Our Diabetes & Pregnancy Program is a cooperative effort of Avera McKennan's Diabetes Center and our Women's Center. The program is designed for women with pre-existing or gestational diabetes. Our team works with you and your doctor during pregnancy and after delivery to provide education, diabetes management tools and any support you need.

What is Gestational Diabetes?

Gestational diabetes occurs during pregnancy and usually goes away after the baby is born. It is most often detected in the last half of pregnancy and affects up to 10% of all pregnant women.

It occurs when the placenta around the baby makes hormones that work against the mother's insulin. Women who already have trouble creating or using insulin properly before a pregnancy are at high risk for experiencing gestational diabetes.

Risk Factors

Some gestational diabetes risk factors to be aware of include:

  • Having a family history of diabetes
  • Being overweight
  • Being over age 25
  • You previously had gestational diabetes
  • You previously had a stillbirth
  • You had a previous baby weighing more than 9 pounds at birth

Women who have had gestational diabetes are at higher risk for type 2 diabetes later in life. This risk increases to over 60% if a woman is overweight.

All women should be screened for gestational diabetes between the 24th and 28th weeks of pregnancy. This involves a one-hour glucose tolerance test in which the expecting mother drinks a very sugary liquid then has her blood sugar tested an hour later. If the one-hour blood sugar level is over 140 mg/dl, a three-hour glucose tolerance test will be done. Based on the blood sugars drawn before drinking the liquid and after one, two and three hours, the doctor can determine if the expecting mother has gestational diabetes.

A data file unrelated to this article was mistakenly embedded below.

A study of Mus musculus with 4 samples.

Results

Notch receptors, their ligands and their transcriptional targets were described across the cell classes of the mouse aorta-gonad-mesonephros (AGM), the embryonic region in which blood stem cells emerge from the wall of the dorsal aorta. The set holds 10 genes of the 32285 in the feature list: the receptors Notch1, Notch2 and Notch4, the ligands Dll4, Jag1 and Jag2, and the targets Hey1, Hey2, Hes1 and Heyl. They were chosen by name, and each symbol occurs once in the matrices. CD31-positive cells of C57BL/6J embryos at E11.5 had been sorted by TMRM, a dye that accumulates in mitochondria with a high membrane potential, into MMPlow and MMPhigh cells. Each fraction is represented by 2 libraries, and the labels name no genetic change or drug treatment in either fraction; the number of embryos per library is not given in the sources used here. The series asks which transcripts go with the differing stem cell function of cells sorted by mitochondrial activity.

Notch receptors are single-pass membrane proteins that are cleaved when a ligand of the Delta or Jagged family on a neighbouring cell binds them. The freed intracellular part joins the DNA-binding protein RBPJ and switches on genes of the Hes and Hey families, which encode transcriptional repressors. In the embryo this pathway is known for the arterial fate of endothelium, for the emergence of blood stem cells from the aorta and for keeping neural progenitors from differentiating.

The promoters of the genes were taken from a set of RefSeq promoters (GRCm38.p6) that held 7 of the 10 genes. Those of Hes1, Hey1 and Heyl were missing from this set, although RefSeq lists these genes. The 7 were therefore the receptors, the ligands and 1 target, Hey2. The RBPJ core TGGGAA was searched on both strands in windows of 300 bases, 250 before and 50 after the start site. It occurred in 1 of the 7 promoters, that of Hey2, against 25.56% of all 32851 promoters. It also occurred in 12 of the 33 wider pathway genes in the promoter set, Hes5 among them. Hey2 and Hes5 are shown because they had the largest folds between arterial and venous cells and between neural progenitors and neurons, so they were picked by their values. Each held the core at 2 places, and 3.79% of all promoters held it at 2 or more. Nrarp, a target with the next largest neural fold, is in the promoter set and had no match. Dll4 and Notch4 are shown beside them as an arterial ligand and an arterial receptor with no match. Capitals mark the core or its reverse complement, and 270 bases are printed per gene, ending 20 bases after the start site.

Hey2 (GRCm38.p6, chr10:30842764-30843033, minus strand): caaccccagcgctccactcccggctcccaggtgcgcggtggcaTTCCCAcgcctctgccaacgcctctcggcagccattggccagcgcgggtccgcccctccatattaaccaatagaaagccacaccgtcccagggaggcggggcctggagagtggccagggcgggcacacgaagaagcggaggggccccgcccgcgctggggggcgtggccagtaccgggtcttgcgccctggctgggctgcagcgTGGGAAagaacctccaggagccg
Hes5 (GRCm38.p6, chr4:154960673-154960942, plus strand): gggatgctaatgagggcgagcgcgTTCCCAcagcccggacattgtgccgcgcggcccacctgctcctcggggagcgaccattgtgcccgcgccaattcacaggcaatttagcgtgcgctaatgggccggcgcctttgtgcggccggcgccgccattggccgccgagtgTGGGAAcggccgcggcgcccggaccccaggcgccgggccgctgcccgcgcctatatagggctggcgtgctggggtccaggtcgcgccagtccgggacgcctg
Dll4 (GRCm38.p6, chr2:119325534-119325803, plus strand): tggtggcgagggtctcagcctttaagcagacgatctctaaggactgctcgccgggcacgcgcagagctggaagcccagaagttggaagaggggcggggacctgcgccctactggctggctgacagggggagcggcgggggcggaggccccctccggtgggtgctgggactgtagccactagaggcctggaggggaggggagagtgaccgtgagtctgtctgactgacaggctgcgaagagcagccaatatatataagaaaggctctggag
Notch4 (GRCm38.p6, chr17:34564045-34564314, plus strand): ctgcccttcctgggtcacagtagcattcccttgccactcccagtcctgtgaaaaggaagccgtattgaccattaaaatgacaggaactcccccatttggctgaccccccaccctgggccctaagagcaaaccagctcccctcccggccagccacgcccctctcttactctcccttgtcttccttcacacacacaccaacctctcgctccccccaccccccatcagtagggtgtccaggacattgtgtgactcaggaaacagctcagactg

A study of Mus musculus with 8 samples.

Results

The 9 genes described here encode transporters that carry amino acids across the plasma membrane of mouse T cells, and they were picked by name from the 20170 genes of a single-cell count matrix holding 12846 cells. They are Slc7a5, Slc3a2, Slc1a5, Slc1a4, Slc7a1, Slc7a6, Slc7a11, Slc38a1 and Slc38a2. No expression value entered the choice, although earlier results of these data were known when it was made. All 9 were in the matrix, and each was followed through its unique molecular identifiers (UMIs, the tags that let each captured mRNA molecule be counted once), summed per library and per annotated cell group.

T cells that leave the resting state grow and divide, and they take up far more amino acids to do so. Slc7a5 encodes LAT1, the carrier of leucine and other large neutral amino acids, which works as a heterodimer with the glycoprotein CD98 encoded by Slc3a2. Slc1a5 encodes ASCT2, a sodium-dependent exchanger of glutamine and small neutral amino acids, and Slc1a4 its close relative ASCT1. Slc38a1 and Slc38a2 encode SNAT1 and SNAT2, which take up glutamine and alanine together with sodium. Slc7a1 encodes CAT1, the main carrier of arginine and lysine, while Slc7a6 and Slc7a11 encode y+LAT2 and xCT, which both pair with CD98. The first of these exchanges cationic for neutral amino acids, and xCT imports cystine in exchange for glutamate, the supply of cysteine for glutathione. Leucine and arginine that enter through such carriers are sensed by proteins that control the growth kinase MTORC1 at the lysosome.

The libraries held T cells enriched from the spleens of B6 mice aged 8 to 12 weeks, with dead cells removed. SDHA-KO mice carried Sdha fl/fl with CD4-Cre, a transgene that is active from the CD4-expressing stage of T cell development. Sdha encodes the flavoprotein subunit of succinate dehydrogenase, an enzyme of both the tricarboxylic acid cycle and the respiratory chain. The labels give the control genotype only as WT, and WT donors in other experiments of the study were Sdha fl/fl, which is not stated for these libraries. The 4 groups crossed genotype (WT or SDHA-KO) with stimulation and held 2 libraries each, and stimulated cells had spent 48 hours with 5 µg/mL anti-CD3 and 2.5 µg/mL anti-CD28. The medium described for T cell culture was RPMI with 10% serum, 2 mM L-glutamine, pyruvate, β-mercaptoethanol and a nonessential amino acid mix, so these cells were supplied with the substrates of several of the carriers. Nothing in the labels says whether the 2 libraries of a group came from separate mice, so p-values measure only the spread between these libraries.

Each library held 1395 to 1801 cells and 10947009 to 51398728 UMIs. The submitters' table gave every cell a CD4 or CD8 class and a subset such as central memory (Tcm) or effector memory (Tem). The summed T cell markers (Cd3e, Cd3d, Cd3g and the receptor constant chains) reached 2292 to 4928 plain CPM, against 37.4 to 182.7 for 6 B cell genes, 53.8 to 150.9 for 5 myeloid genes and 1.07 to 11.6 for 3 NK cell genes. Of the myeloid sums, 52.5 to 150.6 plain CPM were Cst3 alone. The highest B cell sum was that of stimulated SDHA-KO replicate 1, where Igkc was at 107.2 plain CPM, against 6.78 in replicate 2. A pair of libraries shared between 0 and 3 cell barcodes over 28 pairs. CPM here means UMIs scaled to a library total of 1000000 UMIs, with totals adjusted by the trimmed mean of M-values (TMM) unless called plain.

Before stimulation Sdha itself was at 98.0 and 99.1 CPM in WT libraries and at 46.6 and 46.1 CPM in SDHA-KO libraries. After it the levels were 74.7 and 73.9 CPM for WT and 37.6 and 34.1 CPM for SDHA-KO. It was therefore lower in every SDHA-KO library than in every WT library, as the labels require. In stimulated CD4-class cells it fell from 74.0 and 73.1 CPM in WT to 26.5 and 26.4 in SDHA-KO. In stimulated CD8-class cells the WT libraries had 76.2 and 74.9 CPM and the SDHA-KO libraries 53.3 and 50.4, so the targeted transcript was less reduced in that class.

Undetected or untreated gestational diabetes can result in complications for a mother and her baby.

Complications for a Baby:

  • Large baby
  • Low blood sugar (hypoglycemia) after delivery
  • Jaundice (yellowing of the skin)
  • Stillbirth

Complications for a Mother:

  • Pre-term labor
  • Difficult delivery due to large baby
  • Greater risk for infections - especially vaginal, bladder and kidney

Controlling Gestational Diabetes

You can help control your glucose level during pregnancy and possibly avoid gestational diabetes by eating healthy, exercising, retaining a healthy weight, monitoring blood glucose levels and taking insulin if necessary.

Your doctor should check a fasting blood sugar about six weeks after delivery to make sure your blood sugar has returned to normal. The American Diabetes Association recommends women with a history of gestational diabetes have a fasting blood sugar test every three years.

The risk for gestational diabetes rises with subsequent pregnancies. It's safer to have your blood sugar tested in the first 8-12 weeks of pregnancy. If that result is normal you should be tested again at 24-28 weeks.

Additional Information

For more information about gestational diabetes, please call our Diabetes Center at 605-322-8995.